There are numerous public benefit programs for which illegal aliens are not eligible, and a few for which they are. The programs available to illegal aliens are Head Start, Special Supplemental Food Program for Women, Infants and Children (WIC), the school lunch program, emergency medical treatment and labor and delivery services under Medicaid and AFDC for their citizen children. They are not eligible for Unemployment Insurance, Supplemental Security Income, AFDC for non-citizen children or food stamps.
To collect unemployment benefits, you must meet certain criteria. Aside from having accrued enough quarters, you must be a U.S. citizen or a legal resident who is authorized to work in the United States. By sheer virtue of an illegal immigrant's work status in the United States, he is not entitled to any unemployment benefits, because he obtained his employment illegally.
An inherent problem with the illegal employment is that the illegal immigrant may have a Social Security card, though not necessarily a valid one. With this card, he would be able to collect Unemployment Insurance benefits unless the the state in which he is applying verifies the Social Security numbers of everyone who applies. The states consider this burdensome and reportedly only check if the applicant indicates he is not a U.S. citizen.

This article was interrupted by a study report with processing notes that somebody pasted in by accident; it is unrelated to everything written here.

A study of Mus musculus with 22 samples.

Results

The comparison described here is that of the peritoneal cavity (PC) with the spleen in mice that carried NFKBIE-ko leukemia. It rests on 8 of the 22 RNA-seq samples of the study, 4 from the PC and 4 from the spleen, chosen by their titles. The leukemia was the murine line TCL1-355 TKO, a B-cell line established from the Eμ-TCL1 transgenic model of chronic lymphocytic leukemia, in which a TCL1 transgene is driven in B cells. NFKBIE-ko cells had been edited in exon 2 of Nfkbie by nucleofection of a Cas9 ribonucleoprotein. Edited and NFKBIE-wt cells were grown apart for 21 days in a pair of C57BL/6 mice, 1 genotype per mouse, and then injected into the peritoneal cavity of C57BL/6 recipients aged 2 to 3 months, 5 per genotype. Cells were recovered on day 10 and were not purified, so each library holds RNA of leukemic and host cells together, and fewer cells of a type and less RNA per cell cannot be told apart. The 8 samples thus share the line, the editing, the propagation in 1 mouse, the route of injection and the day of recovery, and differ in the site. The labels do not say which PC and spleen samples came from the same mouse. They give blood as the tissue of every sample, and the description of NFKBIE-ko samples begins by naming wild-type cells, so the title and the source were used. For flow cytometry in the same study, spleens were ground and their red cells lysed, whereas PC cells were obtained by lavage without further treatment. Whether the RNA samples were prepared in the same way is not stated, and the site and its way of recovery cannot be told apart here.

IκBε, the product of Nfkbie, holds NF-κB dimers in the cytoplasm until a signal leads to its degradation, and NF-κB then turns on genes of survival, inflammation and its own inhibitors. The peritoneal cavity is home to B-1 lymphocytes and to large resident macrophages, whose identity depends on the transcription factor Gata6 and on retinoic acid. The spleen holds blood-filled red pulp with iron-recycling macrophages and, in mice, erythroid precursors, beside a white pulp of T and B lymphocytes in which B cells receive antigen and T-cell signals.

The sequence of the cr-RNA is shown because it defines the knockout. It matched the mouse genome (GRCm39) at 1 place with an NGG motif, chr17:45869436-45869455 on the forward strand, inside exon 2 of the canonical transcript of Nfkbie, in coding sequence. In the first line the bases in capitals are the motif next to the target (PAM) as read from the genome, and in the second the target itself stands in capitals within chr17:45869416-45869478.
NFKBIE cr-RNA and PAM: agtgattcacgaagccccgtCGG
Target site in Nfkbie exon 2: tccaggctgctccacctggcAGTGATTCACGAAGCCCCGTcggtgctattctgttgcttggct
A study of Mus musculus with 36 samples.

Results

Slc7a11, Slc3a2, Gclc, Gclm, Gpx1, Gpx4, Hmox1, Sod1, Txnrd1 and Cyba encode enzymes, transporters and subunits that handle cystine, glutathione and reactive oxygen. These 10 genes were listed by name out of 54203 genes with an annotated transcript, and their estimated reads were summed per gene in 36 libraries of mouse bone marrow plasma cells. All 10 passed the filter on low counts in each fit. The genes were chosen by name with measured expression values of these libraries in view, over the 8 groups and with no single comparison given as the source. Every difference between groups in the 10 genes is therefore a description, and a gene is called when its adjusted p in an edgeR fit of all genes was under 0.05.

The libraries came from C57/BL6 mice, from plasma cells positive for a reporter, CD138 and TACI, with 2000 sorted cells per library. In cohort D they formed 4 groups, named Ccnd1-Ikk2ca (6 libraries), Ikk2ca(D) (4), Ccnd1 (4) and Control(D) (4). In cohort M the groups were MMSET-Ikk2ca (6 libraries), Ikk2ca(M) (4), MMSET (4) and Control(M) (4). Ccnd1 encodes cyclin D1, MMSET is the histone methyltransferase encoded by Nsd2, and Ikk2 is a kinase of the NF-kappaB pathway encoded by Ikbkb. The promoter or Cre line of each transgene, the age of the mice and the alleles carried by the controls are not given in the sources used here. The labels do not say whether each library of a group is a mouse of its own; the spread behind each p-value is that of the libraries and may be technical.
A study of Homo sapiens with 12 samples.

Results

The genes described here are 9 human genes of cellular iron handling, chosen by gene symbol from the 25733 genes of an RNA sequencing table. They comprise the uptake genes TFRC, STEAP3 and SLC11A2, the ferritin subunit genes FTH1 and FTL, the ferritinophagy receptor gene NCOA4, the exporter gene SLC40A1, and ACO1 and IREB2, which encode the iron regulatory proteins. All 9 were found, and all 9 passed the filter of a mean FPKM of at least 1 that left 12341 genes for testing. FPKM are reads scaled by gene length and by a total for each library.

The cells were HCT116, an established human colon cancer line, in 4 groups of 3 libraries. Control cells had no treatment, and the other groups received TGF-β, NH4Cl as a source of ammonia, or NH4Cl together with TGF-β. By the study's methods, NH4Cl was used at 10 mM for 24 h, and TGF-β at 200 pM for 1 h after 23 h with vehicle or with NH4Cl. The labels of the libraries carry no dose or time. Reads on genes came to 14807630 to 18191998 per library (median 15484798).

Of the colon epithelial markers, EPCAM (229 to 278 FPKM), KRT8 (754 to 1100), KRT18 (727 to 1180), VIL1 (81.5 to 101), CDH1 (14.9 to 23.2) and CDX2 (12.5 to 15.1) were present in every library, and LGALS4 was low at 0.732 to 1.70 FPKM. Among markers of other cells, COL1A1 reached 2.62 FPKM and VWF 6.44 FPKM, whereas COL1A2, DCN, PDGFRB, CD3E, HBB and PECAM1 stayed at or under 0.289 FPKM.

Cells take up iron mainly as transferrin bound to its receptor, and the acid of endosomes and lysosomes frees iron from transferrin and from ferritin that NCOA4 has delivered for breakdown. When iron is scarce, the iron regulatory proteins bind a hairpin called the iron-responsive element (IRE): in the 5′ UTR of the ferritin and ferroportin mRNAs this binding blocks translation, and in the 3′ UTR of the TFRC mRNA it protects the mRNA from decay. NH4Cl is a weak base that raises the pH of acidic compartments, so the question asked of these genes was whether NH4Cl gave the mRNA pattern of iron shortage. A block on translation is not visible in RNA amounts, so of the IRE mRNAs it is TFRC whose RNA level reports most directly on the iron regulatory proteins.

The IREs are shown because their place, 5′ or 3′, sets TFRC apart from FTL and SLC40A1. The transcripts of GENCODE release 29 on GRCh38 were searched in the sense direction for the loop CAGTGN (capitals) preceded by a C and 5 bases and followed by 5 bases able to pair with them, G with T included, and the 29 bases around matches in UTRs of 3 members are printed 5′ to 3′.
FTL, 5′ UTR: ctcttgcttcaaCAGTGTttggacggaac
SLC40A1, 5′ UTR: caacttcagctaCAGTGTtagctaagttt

The cost of illegal aliens collecting Unemployment Insurance is difficult to measure and can only be estimated. Studies have been performed in nearly every decade since the 1960s, trying to determine the cost of illegal immigration to the taxpayers as a result of collecting public benefits. Though the true cost is unknown and nearly impossible to quantify, a 1993 study by Donald Hubble estimated the cost of illegal immigrants collecting unemployment at $856 million.
The Department of Labor conducted a study of the Unemployment Insurance system comparing trends from 1992 to 2001. Unrecovered overpayments by the states, for various reasons including false Social Security numbers and collecting other unreported income, totaled approximately $2.4 billion in 2001. One of the recommendations of the Department of Labor report was that the states should do more to verify claimants' identity and legal status. An audit of Georgia, North Carolina, Florida and Texas showed that almost 3,000 Unemployment Insurance claims that totaled $3.2 million were paid to individuals whose Social Security numbers either didn't exist or belonged to deceased people. In another instance, nine Social Security numbers used to collect Unemployment Insurance benefits, were used by 700 people in 29 states, seven of the nine numbers belonged to deceased individuals. In both instances, authorities determined that illegal aliens were using these numbers. None was currently being used to collect unemployment, but officials involved concluded that could happen in the future.